Club sued over devastating fall of KAK’s late husband
THE lawyers for Kerri-Anne Kennerly's late husband are suing the Coffs Harbour golf course where he fell suffering life-changing injuries.
The lawsuit seeking unspecified damages, interest and costs against Bonville International Golf Club was filed in the Supreme Court on behalf of Mr Kennerley last September, five months before he died aged 78.
The matter was listed in the Supreme Court on Monday and was adjourned until next month to allow the club to file an expert liability report.
The statement of claim says Mr Kennerley was posing for a photo with his wife when he fell off the clubhouse veranda, through a garden bed and on to the ground 57cm below.
Iron Hill Management, which owns Bonville International Golf Club, has denied the fall was its fault and blames Mr Kennerley for failing to look where he was walking and tripping on a "prize".
Kerri-Anne told The Daily Telegraph the lawsuit was part of a long struggle with insurance companies since the accident.
"John and I survived for three years but other people could not and that does actually make me angry," she said.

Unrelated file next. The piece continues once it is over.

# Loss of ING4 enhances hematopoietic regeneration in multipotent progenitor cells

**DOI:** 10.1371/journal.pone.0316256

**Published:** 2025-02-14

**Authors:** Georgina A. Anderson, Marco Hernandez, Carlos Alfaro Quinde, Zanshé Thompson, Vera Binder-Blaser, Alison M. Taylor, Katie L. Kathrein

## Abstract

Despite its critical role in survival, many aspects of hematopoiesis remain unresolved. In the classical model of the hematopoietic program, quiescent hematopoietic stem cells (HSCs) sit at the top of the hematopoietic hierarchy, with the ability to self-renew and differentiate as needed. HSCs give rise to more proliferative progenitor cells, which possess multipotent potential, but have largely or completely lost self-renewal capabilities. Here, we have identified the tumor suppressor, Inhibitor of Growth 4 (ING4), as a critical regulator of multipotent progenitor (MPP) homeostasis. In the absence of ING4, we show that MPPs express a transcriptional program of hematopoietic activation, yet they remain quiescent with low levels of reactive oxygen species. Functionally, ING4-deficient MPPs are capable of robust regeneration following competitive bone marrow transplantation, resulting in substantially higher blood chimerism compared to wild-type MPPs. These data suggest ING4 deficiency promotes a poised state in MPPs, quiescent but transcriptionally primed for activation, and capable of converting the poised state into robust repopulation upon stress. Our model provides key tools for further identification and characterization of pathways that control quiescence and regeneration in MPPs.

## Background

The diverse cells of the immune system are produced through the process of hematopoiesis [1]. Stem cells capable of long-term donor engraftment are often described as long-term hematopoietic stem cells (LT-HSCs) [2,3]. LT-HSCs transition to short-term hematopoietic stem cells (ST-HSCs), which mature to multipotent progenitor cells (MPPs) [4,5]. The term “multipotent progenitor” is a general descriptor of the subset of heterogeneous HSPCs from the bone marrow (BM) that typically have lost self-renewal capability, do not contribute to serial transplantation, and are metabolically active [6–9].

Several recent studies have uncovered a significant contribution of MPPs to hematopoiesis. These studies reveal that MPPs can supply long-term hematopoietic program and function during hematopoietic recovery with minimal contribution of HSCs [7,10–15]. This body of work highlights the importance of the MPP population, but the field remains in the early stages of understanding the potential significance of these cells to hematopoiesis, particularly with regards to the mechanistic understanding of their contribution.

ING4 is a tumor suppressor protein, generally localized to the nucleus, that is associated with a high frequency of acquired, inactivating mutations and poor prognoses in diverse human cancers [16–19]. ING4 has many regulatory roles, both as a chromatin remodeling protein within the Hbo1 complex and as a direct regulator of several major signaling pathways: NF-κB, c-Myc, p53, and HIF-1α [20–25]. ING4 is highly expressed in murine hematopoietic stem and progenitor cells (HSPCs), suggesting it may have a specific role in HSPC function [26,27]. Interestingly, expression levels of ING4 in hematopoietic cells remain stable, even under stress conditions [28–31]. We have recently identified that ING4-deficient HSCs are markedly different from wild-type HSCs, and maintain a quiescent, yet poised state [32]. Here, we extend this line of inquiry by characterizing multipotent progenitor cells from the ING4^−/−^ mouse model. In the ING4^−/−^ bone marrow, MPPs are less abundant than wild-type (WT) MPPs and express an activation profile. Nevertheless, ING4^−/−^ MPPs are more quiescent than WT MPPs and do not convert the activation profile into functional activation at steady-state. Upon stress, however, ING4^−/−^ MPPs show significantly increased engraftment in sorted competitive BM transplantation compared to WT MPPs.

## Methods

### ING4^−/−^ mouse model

"Whatever the circumstances are, for an accident for any insurance company to drag something out for almost three-and-a-half years is despicable."
According to the statement of claim, the Kennerleys were on the veranda of the prestigious Coffs Harbour club with two other people at 9pm on March 6, 2016.
"Before leaving, the two persons wanted to capture a photograph with (Mr Kennerley's) wife," the court document reads.
"(He) was also requested to take part in the photograph. (He) arose from his chair, took 1-2 steps back and to his left to stand behind his wife, when his left foot stepped on the edge of the verandah, adjacent to the garden bed, causing him to lose balance and fall.
"(He) fell through the garden area and onto the lawn area/ground surface below the garden and as a result suffered injury, loss and damage."
Mr Kennerley fractured his C3 and C4 vertebrae in the fall and had to be put into an induced coma. When he woke he couldn't feed himself, talk and could barely breathe.
The claim states the golf club in Coffs Harbour was negligent in its duty of care because the veranda didn't have a railing or warning signs.
In its response, the club denied responsibility, saying Mr Kennerley's injuries were caused by his "own negligence".
"Particulars … (were) failing to keep a proper lookout, failing to look where he was walking, stepping into a garden bed (and) failing to take care not to step onto an object, prize, on the floor," the defence reads. It says the risk of harm was obvious and inherent and no duty of car was owed to the plaintiff.
Iron Hill Management declined to comment as the matter was ongoing.